A serious problem Mathers has seen pop up recently is when the person seeking the loan is an Iranian or Syrian national, as it draws concerns from compliance in regards to potential terrorism.
“Once they see that, then compliance gets involved,” Mathers told MBN
. “Meanwhile, the underwriter is trying to get the deal done. So then they ask, ‘How can I get compliance off my back? I know, I just won’t tell them the guy is from a country of interest.’”
Unfortunately, when the loan application does come under a compliance review and it is discovered that the information has been omitted, that a much greater problem is created – all because the broker and/or underwriter wanted to smooth out the process.
“The compliance rules in this country have become so draconian and onerous, that it incents people in the industry to screw around with them,” he says. ”Are they being criminals? No! They are trying to make a living.”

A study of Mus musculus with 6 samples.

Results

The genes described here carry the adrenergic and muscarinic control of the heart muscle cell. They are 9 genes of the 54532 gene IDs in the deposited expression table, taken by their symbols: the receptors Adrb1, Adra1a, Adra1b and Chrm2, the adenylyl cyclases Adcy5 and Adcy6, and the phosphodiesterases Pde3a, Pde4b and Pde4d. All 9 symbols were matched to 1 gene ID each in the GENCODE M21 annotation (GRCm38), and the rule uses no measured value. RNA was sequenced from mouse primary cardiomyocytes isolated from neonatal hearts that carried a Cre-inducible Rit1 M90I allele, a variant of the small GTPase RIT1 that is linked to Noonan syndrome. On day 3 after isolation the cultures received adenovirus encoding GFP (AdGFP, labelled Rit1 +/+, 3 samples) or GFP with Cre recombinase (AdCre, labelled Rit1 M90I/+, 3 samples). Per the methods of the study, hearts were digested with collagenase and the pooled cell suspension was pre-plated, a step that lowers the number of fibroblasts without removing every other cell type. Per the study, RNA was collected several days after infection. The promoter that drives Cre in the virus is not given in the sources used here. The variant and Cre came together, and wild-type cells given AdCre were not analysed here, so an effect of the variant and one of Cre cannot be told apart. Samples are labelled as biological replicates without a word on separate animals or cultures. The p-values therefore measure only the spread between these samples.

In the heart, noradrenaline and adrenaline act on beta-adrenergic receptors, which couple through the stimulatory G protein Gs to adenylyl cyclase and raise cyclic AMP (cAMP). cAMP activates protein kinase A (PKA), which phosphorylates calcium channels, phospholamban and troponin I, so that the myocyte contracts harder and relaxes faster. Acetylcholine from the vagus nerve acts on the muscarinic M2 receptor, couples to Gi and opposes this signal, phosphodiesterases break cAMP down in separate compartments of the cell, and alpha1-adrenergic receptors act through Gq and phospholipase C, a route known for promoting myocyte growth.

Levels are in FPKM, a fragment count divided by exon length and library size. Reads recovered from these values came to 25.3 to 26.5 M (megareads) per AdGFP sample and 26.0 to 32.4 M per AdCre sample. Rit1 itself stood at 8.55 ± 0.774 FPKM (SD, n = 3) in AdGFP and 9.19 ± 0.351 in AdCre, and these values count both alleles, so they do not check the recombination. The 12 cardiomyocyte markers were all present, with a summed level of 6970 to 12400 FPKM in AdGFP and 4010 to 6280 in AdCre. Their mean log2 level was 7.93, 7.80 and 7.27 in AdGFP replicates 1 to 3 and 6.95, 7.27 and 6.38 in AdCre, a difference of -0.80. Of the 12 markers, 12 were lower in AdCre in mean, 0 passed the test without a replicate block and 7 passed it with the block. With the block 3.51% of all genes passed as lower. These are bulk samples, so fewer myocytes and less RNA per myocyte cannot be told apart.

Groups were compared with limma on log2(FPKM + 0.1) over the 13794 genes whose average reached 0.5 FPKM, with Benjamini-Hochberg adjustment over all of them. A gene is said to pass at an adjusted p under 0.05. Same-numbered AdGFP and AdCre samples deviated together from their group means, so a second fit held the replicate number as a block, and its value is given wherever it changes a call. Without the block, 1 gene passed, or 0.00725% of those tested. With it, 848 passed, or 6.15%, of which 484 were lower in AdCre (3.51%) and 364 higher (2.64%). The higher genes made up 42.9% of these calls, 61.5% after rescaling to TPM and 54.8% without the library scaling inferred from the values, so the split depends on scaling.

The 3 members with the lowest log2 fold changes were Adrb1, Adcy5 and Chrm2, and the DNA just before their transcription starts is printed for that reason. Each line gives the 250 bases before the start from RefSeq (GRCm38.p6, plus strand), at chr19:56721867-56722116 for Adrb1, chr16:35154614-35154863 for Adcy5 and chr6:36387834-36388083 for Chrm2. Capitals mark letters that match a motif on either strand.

Mathers likens compliance to a trip to the dentist, something that no one enjoys but is a necessity.
“No one says ‘Hey, it’s the compliance guy – we’re so happy to see you!’” he says. “They are a pariah.”
And while many Canadians may view the war against ISIS as involving planes and troops overseas, it is a war that is being waged and funded right here in Canada – which makes following the rules of compliance so necessary during the loan application process.
“The money that is being brought over to this country, we need to be concerned about the provenance of that money,” says Mathers. “They are financing their operations through crime, so if any of that money ends up in Canada and is used to purchase property, then we have an issue.”
One of the speakers at this week’s Canadian Mortgage Conference, Chris Mathers – a 20-year veteran of the RCMP and president of KPMG’s Corporate Intelligence Inc. – cautioned brokers and underwriters that trying to duck around compliance issues can lead to much larger problems down the road.